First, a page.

The biggest risk to the global economy is the US Federal Reserve overshooting its interest rate increases, according to HSBC Bank Canada’s CEO of Asset Management.
Marc Cevey told WP one of the driving fundamental factors for investors heading into 2019 is how quickly the Fed will hike. He admits it’s a narrative everyone is familiar with but that this shouldn’t mask its significance.
Cevey said HSBC said the previously expected four raises in 2019 is now down to three and could even go down to two by the time it plays out. And he believes this is because there is not a full appreciation – or ability – to fully price in events that are no longer going to be a factor, like tax cuts.
He said: “The tax cuts were very stimulative; very good for corporate profits but that’s not going to feature going forwards. It’s done, it’s priced in, it’s there – that’s a critical factor.
“Growth has been buoyant and consumer spending has been very strong but we have to realise there is a stumbling block to continued consumer growth in the US – and that’s the rate hikes that they’ve experienced.
“It’s quite significant. You are really seeing some softening in terms of the real estate market so you could see some softening in terms of consumer spending – and this is the goldmine for the US economy.
“What investors have to realise is the very rosy scenario the US has experienced in the past 18 months at least is going to taper off a little bit. That doesn’t mean we are going to go into recession; it does mean we are going to have deceleration.”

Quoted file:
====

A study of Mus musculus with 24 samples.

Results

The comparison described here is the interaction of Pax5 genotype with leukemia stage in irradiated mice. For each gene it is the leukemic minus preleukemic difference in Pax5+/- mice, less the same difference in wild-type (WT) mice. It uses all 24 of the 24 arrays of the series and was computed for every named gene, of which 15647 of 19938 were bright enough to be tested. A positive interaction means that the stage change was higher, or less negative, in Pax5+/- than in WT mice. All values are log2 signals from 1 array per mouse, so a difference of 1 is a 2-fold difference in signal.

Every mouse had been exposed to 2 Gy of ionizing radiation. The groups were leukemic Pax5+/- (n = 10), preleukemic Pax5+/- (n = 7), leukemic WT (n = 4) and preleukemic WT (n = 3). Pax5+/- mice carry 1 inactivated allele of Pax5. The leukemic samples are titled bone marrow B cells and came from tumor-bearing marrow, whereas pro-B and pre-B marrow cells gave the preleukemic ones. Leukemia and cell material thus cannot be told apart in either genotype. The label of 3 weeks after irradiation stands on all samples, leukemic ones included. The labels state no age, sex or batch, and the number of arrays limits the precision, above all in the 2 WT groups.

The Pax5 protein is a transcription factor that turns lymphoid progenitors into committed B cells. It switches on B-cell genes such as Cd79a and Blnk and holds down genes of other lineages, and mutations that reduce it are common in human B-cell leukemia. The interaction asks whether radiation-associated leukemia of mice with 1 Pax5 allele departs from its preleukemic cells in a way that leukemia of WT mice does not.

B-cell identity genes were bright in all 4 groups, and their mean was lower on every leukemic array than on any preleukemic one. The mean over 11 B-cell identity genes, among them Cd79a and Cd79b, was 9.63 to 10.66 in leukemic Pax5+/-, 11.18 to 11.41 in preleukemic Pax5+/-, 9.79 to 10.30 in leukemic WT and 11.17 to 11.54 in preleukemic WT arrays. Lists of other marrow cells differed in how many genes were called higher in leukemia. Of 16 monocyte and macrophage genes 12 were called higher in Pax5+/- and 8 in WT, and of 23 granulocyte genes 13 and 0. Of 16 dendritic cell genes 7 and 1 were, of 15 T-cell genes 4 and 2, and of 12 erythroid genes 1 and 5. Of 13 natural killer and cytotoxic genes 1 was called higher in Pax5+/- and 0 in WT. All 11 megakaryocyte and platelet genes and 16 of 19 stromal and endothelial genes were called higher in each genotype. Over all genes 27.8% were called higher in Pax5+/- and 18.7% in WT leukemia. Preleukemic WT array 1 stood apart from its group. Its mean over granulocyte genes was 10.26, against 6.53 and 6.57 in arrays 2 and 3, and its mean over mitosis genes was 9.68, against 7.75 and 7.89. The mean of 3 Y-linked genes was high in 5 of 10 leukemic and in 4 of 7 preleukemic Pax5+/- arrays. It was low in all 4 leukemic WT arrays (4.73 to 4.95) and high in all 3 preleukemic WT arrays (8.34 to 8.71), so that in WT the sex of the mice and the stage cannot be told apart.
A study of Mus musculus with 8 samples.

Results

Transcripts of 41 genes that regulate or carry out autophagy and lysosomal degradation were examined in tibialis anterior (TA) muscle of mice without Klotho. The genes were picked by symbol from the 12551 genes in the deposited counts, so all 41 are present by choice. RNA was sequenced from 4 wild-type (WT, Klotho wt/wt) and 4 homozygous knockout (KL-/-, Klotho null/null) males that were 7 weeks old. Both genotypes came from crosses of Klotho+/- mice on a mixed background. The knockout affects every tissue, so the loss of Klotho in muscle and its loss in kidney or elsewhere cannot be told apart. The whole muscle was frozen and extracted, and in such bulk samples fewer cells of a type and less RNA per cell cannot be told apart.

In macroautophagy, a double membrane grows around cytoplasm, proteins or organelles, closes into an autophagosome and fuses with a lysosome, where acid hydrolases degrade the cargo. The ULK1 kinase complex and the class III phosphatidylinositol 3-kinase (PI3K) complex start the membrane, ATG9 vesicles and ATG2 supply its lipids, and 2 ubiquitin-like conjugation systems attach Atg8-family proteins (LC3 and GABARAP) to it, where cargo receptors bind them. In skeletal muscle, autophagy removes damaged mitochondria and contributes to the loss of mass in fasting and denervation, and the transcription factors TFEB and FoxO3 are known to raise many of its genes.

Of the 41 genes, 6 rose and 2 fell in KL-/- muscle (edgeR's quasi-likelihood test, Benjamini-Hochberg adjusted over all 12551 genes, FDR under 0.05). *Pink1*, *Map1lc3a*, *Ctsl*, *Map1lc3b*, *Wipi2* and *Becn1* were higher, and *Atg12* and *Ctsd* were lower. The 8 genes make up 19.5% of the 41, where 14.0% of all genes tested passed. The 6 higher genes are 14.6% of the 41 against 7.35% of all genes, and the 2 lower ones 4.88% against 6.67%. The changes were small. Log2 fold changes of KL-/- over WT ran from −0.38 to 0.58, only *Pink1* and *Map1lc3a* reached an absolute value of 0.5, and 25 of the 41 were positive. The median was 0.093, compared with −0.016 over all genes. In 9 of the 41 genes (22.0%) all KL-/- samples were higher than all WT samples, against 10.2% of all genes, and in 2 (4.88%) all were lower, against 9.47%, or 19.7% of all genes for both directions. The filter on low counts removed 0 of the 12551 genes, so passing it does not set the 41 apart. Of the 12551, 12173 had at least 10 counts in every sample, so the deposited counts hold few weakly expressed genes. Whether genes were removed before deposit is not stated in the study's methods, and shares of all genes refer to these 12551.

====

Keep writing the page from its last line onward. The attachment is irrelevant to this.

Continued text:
Cevey believes the US will continue to lead global economies in 2019 even though growth has become more divergent because of the different trading blocks. He said that the deceleration of the US economy, however, is actually positive and much-needed because if it continued to grow at the current pace, a potential downturn in 2020 could be “quite violent”.
“Deceleration is positive because if the US economy were to continue to grow above capacity, full employment and an economy that is at full capacity, any added productivity measure is at an incremental cost. The cost of labour, the cost of production and, of course, you have tariffs to contend with.
“If the US economy were to perform the way it is performing today, there is no doubt in my mind that inflation pressure would grow rapidly and the Fed would continue to hike rates. Ultimately, the downturn, if it’s not in 2019, call it 2020, would be quite violent.”
While a normalization of the US economy is a good thing, Cevey said the danger is whether the Fed is going to be able to measure that correctly. So far, so good.
“The positive signal would be if the Fed really delays until the latter part of Q1 to see more readings and also to get a sense of what is happening on the trade front. The tone of the minutes will also be critical and everyone will pore over the words.”